How to Play Softball This work has been published in the Teen Ink monthly print magazine.

September 19, 2013
Idolize your father. Try to spend every second with him after work. Drive with him to the store, with the Sox game on the radio. Come home and watch the game with him. Your brothers will complain that baseball is too slow, there’s no tackling, that guy is so fat, it’s so easy, you don’t have to be athletic at all. After they get bored, sit in silence with your father. Only break the silence to ask what a “balk” is. Fall asleep in his arms during the commercials, and have him carry you up to bed, the scent of faded cologne on his chest.

Wake up, go to school. Don’t pay any attention to how other girls idolize their mothers, their sisters, their babysitters. Look forward to the game tonight. Try to talk baseball with the boys, even though they assume you won’t have anything interesting to contribute.

Play softball, because girls are not allowed to play baseball. For the first time feel somewhat oppressed. Feel better when you realize that other girls also idolize their fathers and ask for leather and aluminum for Christmas.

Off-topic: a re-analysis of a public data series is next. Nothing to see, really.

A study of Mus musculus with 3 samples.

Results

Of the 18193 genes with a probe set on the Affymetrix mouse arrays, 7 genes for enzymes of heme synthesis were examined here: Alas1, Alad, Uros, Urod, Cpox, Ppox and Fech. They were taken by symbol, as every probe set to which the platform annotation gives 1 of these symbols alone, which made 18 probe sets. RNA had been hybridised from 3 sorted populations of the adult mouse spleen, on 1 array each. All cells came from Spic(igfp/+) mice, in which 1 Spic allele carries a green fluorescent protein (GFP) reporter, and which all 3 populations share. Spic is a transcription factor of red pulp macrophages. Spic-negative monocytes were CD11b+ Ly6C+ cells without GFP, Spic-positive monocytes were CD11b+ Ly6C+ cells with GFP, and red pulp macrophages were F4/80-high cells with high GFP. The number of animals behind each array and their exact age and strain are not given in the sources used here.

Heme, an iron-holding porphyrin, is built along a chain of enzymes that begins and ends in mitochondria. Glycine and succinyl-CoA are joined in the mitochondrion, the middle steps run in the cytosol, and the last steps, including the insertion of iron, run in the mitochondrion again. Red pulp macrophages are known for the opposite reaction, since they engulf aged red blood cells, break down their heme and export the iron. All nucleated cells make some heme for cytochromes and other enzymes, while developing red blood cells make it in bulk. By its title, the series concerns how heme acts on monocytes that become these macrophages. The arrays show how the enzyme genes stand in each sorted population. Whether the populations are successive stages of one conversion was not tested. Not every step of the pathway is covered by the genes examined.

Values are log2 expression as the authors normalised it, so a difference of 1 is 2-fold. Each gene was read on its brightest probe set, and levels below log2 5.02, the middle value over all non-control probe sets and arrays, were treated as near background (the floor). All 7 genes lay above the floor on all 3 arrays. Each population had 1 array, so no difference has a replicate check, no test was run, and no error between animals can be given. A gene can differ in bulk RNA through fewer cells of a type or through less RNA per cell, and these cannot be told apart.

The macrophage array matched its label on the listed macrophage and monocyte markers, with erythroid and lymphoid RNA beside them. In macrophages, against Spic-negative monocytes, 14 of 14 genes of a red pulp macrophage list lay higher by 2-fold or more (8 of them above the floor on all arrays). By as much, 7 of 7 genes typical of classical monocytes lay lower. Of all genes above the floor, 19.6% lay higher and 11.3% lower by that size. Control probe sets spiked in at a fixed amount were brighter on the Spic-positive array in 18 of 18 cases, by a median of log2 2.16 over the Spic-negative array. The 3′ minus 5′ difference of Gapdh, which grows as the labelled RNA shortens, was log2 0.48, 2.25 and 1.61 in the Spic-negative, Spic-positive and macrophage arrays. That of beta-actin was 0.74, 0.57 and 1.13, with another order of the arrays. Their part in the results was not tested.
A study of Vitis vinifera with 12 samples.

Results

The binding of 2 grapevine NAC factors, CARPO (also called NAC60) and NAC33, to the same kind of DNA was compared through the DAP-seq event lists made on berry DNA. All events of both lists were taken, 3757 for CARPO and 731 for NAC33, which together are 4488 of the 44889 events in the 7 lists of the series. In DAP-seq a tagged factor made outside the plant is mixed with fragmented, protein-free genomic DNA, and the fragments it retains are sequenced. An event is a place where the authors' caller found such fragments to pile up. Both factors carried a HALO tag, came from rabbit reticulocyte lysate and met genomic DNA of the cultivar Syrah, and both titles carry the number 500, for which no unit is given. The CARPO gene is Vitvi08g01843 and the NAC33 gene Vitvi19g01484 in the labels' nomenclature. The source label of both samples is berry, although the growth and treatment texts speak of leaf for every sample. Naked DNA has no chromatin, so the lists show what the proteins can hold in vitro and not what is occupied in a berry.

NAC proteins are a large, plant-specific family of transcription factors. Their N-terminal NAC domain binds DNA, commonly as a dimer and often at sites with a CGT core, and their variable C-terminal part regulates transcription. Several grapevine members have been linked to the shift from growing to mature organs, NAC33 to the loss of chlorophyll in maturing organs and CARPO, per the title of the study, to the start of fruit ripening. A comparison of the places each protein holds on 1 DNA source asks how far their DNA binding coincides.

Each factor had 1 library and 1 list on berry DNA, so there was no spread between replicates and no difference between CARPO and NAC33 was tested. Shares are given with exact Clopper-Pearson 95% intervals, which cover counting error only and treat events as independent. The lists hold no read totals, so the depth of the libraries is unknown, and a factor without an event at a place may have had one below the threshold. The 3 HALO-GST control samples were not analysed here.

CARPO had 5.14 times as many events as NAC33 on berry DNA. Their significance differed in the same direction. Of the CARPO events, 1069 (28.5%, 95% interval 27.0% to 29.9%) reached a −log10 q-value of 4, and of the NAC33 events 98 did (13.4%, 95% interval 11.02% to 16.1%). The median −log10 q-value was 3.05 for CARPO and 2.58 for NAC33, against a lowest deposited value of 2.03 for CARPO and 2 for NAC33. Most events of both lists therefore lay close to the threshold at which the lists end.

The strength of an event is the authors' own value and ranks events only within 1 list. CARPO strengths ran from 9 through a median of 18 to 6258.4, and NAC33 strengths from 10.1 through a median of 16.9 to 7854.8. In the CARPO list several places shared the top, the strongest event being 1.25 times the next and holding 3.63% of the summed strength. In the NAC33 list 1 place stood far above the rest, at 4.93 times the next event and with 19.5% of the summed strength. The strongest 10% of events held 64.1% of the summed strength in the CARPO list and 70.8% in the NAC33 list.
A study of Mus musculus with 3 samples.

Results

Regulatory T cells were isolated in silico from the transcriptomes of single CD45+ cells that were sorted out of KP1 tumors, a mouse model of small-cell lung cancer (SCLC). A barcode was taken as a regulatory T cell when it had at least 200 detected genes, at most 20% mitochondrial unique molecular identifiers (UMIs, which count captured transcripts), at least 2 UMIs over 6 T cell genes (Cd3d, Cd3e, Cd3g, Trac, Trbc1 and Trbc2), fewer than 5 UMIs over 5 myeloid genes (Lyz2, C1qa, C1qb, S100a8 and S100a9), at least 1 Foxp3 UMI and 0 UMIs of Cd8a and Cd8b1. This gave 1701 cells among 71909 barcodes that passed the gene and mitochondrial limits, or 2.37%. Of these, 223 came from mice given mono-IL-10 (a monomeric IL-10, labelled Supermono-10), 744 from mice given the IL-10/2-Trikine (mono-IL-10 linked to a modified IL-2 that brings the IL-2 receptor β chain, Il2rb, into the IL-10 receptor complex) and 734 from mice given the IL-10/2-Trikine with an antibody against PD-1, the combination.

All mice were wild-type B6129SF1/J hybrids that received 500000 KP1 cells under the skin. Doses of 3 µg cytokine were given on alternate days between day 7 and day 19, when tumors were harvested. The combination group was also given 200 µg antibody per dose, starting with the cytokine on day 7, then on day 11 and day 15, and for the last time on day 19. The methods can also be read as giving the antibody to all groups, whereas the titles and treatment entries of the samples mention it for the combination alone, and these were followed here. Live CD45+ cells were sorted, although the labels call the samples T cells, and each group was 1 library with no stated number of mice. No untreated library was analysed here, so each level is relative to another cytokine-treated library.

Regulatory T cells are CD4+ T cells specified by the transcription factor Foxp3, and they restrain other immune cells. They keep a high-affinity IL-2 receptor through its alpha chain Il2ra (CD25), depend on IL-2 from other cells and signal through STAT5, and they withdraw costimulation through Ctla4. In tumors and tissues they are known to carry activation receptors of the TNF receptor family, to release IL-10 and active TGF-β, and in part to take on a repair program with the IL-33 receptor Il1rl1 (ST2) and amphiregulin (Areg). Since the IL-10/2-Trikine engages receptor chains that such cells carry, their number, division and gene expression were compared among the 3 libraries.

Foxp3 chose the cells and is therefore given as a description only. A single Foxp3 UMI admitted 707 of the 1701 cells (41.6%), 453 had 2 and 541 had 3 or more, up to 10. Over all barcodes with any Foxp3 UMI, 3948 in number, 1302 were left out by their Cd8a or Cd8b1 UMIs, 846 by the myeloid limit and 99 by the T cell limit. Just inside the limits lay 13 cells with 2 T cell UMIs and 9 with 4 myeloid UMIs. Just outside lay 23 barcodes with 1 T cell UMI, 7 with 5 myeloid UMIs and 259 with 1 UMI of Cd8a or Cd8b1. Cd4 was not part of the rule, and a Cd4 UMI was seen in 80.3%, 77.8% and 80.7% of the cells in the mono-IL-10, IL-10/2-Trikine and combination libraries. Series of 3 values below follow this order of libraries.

Grow older. Improve your skills. Have girls who idolize their mothers, sisters, and former babysitters call you a lesbian. Have the boys who you tried to talk baseball with look utterly disgusted by your “boyish” interests and muscular build.

You have your comrades – your teammates – with you for a few years, but then they begin to drop out. They try not to say the word “butch” in front of your coach, with her softball hall-of-fame status, boyish hair cut, and Bermuda shorts. Sometimes they accidentally say it anyway, and then burst out laughing, drawing even more attention to themselves.

Lose yourself in the ground balls. They become your only friend. Find that you would really prefer playing catch with your father than being around those girls who don’t even know who plays second base for the Red Sox.

Find that for a team sport, softball can be very lonely. Play anyway. Get offended by the baseball players who hit on the girls who whisper “butch” and call the ones like you “gross and manly.” Play anyway.

You are not trying to be masculine. You are not trying to be your father. You are just doing something he appreciates because you want him to be even more proud of you than he already is, because he is cool. He’ll be there every night on the couch, 7 p.m., beer in hand, the name “Ortiz” printed across his back, waiting for you.

This work has been published in the Teen Ink monthly print magazine. This piece has been published in Teen Ink’s monthly print magazine.